Bingham County Sheriff Craig Rowland was reacting to a proposed bill, HB 528, which would create what Rep. Melissa Wintrow, who introduced the bill, describes as a “minimal standard” for rape kits. It requires that the Idaho State Police Forensic Services Laboratory test all of them, creates new timelines for how long the police have to send and test them, and sets up a victim notification service so that survivors know where their kit has gone and what’s happening to it.
But that’s unnecessary, Sheriff Rowland argued, since people are probably lying.
“I really believe the Legislature needs to take a strong look at allowing law enforcement to do their job and not try to dictate what we need to do. I think they’re trying to help, I really do,” Rowland told news station KIDK earlier this week.
That said, he added, “They need to let us decide if we’re going to send the kit and when we send the kits in. Because the majority of our rapes— not to say that we don’t have rapes, we do—but the majority of our rapes that are called in, are actually consensual sex. “
Rowland was helped along by Natalie Shaver, the News 8 reporter who interviewed him, and who didn’t, uh, challenge a single word of this.
“Rowland says after interviewing an alleged rape victim, police often find it was not actually rape. Things just went too far and someone got scared,” Shaver reported (“reported”).
Rowland’s example was a hypothetical 17-year-old girl who wasn’t raped, but had “consensual sex with her boyfriend” and then decided to call the cops instead of telling her parents she’d had sex. Sure. Yes. He also said, per Shaver, that the rape kit itself is “not taken lightly” since it’s “very traumatic” to undergo.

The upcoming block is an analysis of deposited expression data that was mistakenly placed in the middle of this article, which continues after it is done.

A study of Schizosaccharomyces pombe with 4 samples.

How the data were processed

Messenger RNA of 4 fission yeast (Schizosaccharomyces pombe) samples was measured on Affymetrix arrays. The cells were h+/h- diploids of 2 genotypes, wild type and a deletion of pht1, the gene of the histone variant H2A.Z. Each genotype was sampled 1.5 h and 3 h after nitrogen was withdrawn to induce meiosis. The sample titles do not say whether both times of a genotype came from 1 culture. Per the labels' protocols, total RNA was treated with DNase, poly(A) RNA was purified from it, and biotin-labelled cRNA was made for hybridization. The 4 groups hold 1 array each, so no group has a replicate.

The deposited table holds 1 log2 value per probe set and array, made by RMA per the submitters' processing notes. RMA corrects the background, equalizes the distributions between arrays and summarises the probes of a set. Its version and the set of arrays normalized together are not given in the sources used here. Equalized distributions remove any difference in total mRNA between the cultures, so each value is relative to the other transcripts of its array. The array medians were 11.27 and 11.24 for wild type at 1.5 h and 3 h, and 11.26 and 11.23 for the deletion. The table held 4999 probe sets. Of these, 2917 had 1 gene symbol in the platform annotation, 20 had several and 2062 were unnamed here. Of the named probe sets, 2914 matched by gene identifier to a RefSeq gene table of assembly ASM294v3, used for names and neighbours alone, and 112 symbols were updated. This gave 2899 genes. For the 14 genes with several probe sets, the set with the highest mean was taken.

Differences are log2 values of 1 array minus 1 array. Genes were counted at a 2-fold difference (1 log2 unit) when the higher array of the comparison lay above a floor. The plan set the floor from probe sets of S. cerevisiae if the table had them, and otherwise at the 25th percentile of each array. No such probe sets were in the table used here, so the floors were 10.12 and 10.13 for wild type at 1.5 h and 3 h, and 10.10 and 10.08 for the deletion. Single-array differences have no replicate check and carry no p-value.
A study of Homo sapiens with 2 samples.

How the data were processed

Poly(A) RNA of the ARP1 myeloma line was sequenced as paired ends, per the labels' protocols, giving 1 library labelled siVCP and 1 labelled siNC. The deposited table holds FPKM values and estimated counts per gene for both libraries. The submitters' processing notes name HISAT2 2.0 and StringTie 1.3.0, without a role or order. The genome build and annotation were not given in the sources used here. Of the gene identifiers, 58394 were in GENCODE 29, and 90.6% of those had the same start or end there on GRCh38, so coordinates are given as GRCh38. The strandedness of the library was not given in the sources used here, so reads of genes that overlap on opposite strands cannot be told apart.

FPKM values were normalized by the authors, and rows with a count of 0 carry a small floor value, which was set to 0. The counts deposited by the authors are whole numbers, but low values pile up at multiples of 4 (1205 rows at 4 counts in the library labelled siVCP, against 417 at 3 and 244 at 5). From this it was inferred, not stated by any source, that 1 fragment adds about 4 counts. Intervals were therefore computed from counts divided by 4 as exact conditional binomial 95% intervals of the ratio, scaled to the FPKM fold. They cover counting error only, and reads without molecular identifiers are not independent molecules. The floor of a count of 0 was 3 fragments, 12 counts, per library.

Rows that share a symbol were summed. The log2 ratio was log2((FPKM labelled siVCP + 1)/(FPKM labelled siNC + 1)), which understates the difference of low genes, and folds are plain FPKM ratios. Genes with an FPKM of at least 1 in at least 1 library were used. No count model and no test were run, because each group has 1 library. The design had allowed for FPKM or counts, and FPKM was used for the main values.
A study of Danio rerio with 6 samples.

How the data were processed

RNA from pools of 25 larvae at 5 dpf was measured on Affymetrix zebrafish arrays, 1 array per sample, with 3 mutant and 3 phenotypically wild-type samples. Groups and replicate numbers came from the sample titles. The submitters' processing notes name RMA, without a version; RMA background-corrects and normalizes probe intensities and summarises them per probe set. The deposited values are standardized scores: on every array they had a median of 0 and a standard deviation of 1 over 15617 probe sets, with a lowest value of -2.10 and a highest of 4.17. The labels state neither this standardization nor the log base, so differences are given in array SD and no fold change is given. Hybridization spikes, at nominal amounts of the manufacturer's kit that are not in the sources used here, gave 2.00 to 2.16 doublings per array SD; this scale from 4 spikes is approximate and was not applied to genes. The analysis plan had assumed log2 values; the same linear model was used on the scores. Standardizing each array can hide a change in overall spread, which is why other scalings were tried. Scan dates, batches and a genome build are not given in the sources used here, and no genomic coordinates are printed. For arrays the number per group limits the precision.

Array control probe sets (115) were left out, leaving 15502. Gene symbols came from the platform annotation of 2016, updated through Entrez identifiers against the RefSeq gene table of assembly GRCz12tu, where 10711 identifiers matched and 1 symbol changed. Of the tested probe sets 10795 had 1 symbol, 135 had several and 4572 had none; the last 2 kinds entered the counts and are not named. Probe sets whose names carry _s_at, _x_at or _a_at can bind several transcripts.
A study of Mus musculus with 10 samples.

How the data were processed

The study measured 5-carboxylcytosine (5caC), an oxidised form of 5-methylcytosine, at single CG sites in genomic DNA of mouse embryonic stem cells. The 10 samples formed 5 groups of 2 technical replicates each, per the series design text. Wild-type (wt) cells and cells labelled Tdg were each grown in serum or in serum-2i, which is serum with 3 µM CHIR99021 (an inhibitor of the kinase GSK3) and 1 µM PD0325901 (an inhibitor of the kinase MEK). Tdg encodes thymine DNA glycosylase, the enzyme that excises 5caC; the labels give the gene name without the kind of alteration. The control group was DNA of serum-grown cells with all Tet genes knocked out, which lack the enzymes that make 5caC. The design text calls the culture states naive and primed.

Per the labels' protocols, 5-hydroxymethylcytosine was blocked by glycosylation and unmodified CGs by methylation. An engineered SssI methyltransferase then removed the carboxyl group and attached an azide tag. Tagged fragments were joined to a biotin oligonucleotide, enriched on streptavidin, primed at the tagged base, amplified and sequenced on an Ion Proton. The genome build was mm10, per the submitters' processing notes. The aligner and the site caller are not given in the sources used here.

A lot of people are now rather irritated with Rowland, the Associated Press reports, including Wintrow, who wrote the bill:
Rep. Melissa Wintrow, a Democrat from Boise who introduced the bill, said the sheriff’s remarks were harmful to women.
“Many times people are focused on a woman’s behavior, and the victim’s response,” she said, “when we should be thinking about what are we teaching men in this society. What are we teaching young boys and men about how we should not initiate or cross any physical boundary without consent.”
Rowland, meanwhile, wrote on Facebook that he’s sorry if you were offended:
I want to clarify what I was trying to say when I did the press story yesterday. I in no way was saying that we do not have rapes that occur in our County. I was trying to say that when a call is called into dispatch it is initially put in as a rape. Officers and investigators are sent to investigate all of the sexual assaults in Bingham County and after the investigation is complete some of these cases are found out to be consensual sex and not a rape. These kits are not sent to the State lab for processing. I apologize if I have offended anyone as that was not my intention.
Here’s the full clip:
Screenshot via KIDK/Big Time-Small Time Dicks Logo by staff male Bobby Finger.